Residents can play a lead role in a program aimed at teaching commitment to the highest standards of excellence in medicine, to the welfare of patients, and to the best interests of the larger society.
by Larry Beresford
Residents can play a lead role in a program aimed at teaching commitment to the highest standards of excellence in medicine, to the welfare of patients, and to the best interests of the larger society, according to an innovations poster presentation at HM12.1
Professionalism is important to physicians and medical trainees, says Pablo Garcia, MD, a critical-care fellow at the University of New Mexico (UNM) School of Medicine in Albuquerque and one of the project investigators who presented the results in San Diego.
“It directly impacts on patient care and the patient experience,” Dr. Garcia says. “But if we don’t police ourselves as a profession and set our own high standards, we may find that others outside of medicine will take notice.”
Academic medical centers have a particular interest in teaching professionalism to their trainees, not only because the Accreditation Council for Graduate Medical Education (ACGME) requires it, but also because of the profound impact of positive or negative examples by teachers—the “hidden curriculum”— on trainees, Dr. Garcia says.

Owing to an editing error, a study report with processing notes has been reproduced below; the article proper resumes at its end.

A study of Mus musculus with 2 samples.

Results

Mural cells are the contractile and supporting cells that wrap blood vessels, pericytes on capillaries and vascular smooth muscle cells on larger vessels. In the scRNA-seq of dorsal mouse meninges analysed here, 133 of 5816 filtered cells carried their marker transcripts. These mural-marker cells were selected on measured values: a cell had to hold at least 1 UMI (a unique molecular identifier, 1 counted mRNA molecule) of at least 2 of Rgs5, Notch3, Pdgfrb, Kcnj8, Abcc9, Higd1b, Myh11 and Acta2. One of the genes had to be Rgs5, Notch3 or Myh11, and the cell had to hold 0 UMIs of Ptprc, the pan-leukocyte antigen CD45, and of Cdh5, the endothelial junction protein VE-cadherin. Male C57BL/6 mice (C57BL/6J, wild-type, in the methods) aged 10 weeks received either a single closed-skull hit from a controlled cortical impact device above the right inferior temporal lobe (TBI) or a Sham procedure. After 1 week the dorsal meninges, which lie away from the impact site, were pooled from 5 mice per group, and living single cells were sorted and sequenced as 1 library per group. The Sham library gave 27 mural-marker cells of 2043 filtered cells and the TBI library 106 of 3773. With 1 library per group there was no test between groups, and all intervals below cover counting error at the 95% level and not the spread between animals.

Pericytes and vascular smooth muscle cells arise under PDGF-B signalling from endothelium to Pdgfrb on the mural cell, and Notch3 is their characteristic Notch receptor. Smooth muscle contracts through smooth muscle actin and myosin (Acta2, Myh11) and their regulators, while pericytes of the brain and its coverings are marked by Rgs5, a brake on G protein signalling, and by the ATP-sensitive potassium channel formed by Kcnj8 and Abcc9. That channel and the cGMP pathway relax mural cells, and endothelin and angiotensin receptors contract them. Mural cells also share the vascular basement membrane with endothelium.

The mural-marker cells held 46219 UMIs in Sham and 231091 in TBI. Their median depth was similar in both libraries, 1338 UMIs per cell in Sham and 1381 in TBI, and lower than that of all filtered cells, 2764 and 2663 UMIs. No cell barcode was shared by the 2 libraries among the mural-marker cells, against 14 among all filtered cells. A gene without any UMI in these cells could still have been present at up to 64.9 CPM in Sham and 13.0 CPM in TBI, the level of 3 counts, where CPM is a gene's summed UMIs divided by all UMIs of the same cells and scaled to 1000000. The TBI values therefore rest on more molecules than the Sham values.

The UNM project began with a lecture on elements of and threats to professionalism. A nine-item survey was completed by about half of the 70-member internal-medicine residency program. The results showed some less-than-ideal standards by residents. A team then met to develop nine vignettes involving real-world ethical situations, and small groups of four to six participants came together to discuss the vignettes and how they should be handled.
In some cases, attending physicians observed the groups and posed questions but did not lead the discussions, Dr. Garcia says. Over 12 months, all of the ethical scenarios were discussed at least once. Dr. Garcia was invited to speak to two other residency programs at UNM, pediatrics and emergency medicine, both of which developed their own vignettes for small-group discussion.